7385 Milliken Ave., St. 140

Rancho Cucamonga,

CA 91730

Tel: (909) 989-3999

Fax: (909) 989-7939

Hospital Hours:

Mon - Fri: 8am - 7pm
Sat: 8am - 2pm
Sun: 9am - 2pm

American Animal Hospital Association Accredited

Senior Pets

Your pet is a member of the family, and with proper care and regular testing, your loyal companion should be able to live a long and healthy life.  Through senior blood testing, not only can normal laboratory values be determined that are specific to your pet, but any abnormal values may be addressed in order to maintain a high quality of life for your pet as it ages.
It is recommended to have these tests performed every one to two years to monitor any changes that may occur. It is only through early detection that many age-related illnesses may be slowed or prevented. Depending on the results, more frequent testing may be recommended. The aging process brings about a gradual reduction in your pet's physical capabilities. While dogs and cats begin to undergo these changes starting at about age five to seven years, different pets will show the various signs of growing old at different rates. The best time to recognize your pet's "senior" status and need for extra TLC is long before advanced disabilities set in.
 
To increase the length and quality of your pet's life, it is important to begin a process of prevention. Risks are associated with your pet's background, environment, or lifestyle. Certain conditions put him or her at greater risk of developing age-related changes or diseases. Some of these factors cannot be controlled; however, activity level, living conditions, quality of medical care, and level of nutrition are factors that can be controlled by a responsible owner. The extent to which these factors are managed help determine the quality and length of your pet's life. By identifying some of your pet's risk factors, treatment can be initiated prior to the onset of a medical problem.
 
Dental Disease
Tooth loss and serious gum infections become more common as pets age. The loss of teeth is a problem and difficulty in chewing food may result. However, the spread of bacteria from the mouth into the pet's bloodstream, when infections occur around the teeth, is an even more serious risk to the older pet's health. Tumors of the mouth and gums also become more likely with advancing age. The first step in good dental care is to have your pet's teeth examined by your veterinarian.
 
Weight Gain
Obesity is one of the single most important risks to an older pet's health. Since the older animal's metabolism and activity level slow down, most older pets have a tendency to gain weight.  Obesity is unhealthy in any pet, but it is especially harmful to an older animal's joints, heart and other organs.
 
Skin Conditions
Skin problems may occur more frequently since the older pet's skin is less elastic and repairs itself less rapidly. Hair loss is usually more pronounced because hair follicles are less active later in life.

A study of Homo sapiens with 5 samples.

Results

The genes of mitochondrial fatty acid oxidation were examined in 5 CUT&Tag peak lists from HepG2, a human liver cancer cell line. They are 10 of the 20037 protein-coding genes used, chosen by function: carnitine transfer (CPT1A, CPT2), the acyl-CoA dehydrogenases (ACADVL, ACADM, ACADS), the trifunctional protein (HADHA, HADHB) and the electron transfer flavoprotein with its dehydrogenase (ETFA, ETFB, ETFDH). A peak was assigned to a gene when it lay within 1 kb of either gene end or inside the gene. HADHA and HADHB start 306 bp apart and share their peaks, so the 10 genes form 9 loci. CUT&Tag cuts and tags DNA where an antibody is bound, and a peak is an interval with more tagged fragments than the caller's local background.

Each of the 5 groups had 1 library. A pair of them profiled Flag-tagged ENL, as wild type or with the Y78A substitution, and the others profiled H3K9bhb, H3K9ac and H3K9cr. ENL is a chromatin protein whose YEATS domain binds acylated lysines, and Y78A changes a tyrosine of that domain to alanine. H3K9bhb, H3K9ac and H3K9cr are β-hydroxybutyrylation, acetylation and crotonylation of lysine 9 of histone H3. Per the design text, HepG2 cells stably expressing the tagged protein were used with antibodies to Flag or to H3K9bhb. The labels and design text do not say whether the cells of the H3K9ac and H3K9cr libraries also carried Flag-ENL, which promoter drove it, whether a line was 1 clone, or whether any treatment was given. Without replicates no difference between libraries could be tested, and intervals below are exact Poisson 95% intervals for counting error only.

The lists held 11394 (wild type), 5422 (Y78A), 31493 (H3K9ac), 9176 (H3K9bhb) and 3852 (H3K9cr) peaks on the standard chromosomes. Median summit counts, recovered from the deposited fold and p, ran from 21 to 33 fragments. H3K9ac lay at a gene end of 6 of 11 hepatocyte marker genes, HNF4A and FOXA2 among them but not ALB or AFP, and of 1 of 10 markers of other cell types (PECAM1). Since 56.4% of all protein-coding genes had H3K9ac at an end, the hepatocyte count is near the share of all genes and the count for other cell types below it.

Cold and Warm Temperatures
Because your pet's metabolism is slowing, you may notice an increasing intolerance to heat and cold. This happens because your pet produces less of the hormones that are critical for maintaining the body's normal temperature.
 
Senses
Smell, sight, taste and hearing will diminish as your pet ages. Many pets adapt to these losses very well, although there may be a decrease in appetite. For such pets, a highly nutritious, well balanced diet is a must. Eye problems, such as glaucoma and cataracts, are more likely to develop in older pets.
 
Internal Organs
Diseases of vital internal organs - heart, lungs, kidneys and bladder, occur more frequently in older dogs and cats. As animals age, the organs also age. Therefore, a complete health assessment of the senior dog and cat includes considerable attention to these organs along with dietary recommendations to promote good health.
 
What you can do at home:
  • Avoid excessive weight gain. Your veterinarian may recommend an exercise program as well as a special senior pet food.
  • Keep your pet's living and areas clean, dry and warm at all times.
  • If possible, regularly check your pet's mouth for reddened gums, loose teeth or unusual swellings. Check eyes for redness, unusual cloudiness, discomfort and discharge. Check ears for wax build-up, discharge or unusual odors.
  • Thoroughly groom and inspect your older pet's skin regularly. Look for lumps, bumps and wounds.
  • If your older pet's eyesight is impaired, avoid relocating furniture. Also, try not to drastically change your pet's daily routine.
  • Any change associated with eating, drinking or elimination should be noted and discussed with your veterinarian. These conditions are often associated with early stages of disease.
  • Take your older pet for regular senior checkups, even if he or she seems to be well. It is always easier and less expensive to prevent a problem rather than treat a problem.
  • Feed only the food your veterinarian recommends. Since many "treats" are high in sodium, you should not permit your older pet to eat them unless recommended.